American Fable is ambitious, maybe too much so sometimes, but there's an intense pleasure in the boldness of the film's style.
* This filmography is not intended to be a comprehensive list of this artist’s work. Instead it reflects the films this person has been involved with that have been reviewed on this site.
It was the best of times, it was the worst of times. Gene Siskel and I fought like cats and dogs, and we made some good television.
During those early years for "Sneak Previews" our favorite occupation was dreaming up "special editions" which were sort of like the "think pieces" we wrote for our papers.
Lars von Trier, maker of calculating horror comedies, is a shrewd showman -- if not exactly in the classic Hollywood tradition then at least in the Barnum & Bailey one. He pleases his audiences by teasing, taunting and testing them, keeping his tongue in his cheek. I picture him as a dancing, grinning little prankster on the fringes of world cinema, alternately flaunting a streak of astringent sadism and hiding for safety behind a shield of facetiousness.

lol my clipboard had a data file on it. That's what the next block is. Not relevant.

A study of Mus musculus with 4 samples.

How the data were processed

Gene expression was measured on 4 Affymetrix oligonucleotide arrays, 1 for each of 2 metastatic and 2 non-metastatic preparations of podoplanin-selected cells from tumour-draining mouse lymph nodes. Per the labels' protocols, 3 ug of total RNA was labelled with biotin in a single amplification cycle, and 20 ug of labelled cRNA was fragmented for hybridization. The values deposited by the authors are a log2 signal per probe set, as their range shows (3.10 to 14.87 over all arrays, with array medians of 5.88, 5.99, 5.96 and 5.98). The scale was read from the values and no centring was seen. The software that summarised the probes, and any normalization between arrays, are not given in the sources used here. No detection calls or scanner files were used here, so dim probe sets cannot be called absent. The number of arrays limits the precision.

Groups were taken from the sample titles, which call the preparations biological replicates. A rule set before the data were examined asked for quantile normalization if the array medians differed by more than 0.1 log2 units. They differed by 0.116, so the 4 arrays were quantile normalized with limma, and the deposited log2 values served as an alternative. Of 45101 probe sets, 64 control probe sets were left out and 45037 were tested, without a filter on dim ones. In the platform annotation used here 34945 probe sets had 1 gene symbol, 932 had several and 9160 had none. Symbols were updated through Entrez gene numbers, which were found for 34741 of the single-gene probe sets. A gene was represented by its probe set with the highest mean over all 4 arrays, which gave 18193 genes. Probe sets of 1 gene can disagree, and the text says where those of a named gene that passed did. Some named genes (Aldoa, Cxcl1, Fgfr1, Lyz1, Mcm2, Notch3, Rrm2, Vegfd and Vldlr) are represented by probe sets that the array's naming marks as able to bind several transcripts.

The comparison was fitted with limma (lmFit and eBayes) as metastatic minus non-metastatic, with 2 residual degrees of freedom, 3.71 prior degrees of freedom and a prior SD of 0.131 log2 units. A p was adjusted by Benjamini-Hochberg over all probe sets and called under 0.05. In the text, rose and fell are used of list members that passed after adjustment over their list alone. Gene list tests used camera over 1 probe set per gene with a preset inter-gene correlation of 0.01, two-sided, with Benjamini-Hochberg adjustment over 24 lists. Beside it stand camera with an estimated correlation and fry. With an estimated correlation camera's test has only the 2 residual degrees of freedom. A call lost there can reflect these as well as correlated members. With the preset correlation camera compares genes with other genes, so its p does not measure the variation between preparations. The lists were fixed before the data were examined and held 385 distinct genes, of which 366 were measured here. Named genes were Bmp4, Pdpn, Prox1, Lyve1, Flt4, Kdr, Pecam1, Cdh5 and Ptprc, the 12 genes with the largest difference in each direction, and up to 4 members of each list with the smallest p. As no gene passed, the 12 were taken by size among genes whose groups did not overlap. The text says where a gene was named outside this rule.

He's also, in "Antichrist" particularly, a thudding literalist whose mock-academic ideas and images are so over-rationalized and in-your-face that (like the mysterious cry of a baby placed too far forward in the sound mix to be haunting or ambiguous) they don't have much room to resonate. When they ought to be harrowing, they're obvious and over-explained, which cuts them off from genuine emotion or experience. Nevertheless, "Antichrist" is a serviceable, sometimes atmospheric horror movie, until the last chapter-and-a-half when it just goes flat. By then it's already gotten a little too much of a charge out of commenting on its own giddy morbidity, and whether the audience is laughing at it or with it doesn't matter. Either way, the laughter is dismissive.